Page:Essays Vol 1 (Ives, 1925).pdf/74


(b) I see some who study and annotate their almanacs, and hold them up to us as authority about things that are taking place. Saying so much, they must needs say what is truth and what falsehood. (c) Quis est enim, qui, totum diem jaculans, non aliquando collineet?[3] (b) I think no better of them because I see them sometimes make a lucky hit. There would be more certainty and truth if it were the rule always to lie.[4] (c) It may be added that no one keeps a record of their miscalculations,[5] as they are of common occurrence and endless; and every one ranks their true prognostics as remarkable, incredible, and prodigious. Witness the answer of Diagoras, to whom, when he was in Samothrace, some one pointed out in the temple many votive offerings and pictures of those who had been rescued from shipwreck, saying: “Look, you who believe that the gods are indifferent to human affairs — what say you to so many men saved by their mercy?” — “I say this,” he replied: “those who have been drowned, a far greater number, have not been painted.”[6]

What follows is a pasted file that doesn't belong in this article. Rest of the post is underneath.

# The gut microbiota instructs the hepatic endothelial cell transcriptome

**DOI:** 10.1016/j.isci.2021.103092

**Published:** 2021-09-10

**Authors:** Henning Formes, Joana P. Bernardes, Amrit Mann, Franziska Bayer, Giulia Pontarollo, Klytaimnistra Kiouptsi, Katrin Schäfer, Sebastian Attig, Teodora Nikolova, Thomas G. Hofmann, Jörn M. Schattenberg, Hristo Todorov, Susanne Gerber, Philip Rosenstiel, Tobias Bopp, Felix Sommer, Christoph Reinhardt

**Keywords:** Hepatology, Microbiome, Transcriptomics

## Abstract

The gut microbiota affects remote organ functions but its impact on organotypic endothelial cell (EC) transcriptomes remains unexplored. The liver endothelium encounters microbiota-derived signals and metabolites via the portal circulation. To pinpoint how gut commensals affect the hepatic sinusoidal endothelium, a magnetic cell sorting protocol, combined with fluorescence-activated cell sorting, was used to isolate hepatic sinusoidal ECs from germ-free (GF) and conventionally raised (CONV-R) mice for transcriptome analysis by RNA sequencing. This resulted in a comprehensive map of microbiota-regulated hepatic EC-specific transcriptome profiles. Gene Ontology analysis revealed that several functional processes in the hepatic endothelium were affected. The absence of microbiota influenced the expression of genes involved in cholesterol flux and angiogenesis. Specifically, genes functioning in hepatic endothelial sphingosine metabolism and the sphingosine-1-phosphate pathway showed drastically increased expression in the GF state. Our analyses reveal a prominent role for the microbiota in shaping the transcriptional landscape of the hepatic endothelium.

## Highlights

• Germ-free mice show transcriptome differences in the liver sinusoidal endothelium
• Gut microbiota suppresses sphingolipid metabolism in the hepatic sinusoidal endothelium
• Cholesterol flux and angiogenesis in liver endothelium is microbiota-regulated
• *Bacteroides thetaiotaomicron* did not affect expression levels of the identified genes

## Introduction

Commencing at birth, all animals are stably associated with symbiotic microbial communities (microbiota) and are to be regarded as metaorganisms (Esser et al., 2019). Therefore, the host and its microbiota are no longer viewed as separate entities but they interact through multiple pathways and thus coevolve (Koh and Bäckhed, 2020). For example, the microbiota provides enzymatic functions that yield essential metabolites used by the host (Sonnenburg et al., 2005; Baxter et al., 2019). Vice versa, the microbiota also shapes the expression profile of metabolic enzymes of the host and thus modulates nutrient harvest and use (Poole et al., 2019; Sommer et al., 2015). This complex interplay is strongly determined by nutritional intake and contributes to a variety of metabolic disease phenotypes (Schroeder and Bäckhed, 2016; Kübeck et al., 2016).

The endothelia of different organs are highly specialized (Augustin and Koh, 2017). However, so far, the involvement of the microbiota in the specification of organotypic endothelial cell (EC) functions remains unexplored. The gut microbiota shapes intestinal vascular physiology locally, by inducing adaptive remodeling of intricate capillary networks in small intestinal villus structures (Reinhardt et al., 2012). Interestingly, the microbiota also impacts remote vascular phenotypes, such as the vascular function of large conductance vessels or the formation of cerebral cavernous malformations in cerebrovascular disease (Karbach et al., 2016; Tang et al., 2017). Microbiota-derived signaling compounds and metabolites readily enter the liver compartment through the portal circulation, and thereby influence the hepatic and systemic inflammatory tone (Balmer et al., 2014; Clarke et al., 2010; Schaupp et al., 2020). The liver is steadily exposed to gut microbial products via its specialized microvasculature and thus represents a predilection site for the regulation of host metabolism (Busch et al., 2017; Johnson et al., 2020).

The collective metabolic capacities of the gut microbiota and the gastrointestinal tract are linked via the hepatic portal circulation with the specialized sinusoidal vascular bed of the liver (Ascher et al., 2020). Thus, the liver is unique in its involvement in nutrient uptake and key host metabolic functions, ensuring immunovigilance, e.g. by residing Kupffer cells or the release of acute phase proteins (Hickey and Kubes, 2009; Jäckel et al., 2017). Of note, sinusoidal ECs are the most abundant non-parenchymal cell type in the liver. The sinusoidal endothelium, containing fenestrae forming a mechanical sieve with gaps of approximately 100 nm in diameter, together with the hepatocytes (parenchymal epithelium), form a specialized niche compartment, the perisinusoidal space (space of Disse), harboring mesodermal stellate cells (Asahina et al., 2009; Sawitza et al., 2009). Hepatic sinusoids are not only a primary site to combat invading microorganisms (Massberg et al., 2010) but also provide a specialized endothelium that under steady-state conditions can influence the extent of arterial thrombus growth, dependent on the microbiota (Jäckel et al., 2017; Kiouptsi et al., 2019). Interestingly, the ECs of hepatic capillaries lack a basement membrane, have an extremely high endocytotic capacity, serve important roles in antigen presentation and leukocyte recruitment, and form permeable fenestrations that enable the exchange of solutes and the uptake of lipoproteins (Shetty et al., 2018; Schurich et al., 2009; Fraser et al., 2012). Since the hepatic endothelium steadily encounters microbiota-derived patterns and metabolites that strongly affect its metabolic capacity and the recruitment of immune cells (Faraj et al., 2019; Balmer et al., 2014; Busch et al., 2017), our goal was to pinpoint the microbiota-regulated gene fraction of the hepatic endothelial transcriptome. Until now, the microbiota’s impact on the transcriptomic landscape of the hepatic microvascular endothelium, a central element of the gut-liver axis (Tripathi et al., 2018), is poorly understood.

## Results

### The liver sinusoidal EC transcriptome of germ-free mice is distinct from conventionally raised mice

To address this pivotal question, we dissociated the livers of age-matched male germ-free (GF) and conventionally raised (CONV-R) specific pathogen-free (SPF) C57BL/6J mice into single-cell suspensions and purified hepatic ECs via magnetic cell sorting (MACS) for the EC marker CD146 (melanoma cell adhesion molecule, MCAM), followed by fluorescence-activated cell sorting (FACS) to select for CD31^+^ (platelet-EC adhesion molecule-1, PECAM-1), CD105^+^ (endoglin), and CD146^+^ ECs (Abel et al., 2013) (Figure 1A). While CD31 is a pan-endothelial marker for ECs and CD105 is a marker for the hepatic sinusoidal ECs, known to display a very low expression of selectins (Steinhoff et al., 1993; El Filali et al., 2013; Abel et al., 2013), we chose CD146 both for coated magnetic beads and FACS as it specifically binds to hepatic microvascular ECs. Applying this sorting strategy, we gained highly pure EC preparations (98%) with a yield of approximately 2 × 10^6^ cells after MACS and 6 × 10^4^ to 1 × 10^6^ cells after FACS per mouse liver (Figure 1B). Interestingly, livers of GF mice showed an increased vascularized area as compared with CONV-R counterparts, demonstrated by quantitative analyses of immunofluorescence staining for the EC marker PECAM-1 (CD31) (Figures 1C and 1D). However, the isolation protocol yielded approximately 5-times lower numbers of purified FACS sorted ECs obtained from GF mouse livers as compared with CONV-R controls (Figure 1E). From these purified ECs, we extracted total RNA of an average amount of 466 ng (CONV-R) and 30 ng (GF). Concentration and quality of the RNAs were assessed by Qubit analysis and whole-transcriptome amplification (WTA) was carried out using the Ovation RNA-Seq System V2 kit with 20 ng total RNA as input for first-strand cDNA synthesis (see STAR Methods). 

1. See the Timæus, and the Republic, book V.
  2. See the Republic, book V. Plato does not say “banished,” but “secretly dispersed among the other citizens.”
  3. Who can shoot all day and not sometimes hit the mark? — Cicero, De Divin., II, 59.
  4. Ce seroit plus de certitude, s’il y avoit regle et verité a mentir tousjours.
  5. Those of the almanac students.
  6. See Cicero, De Nat. Deor., I, 37.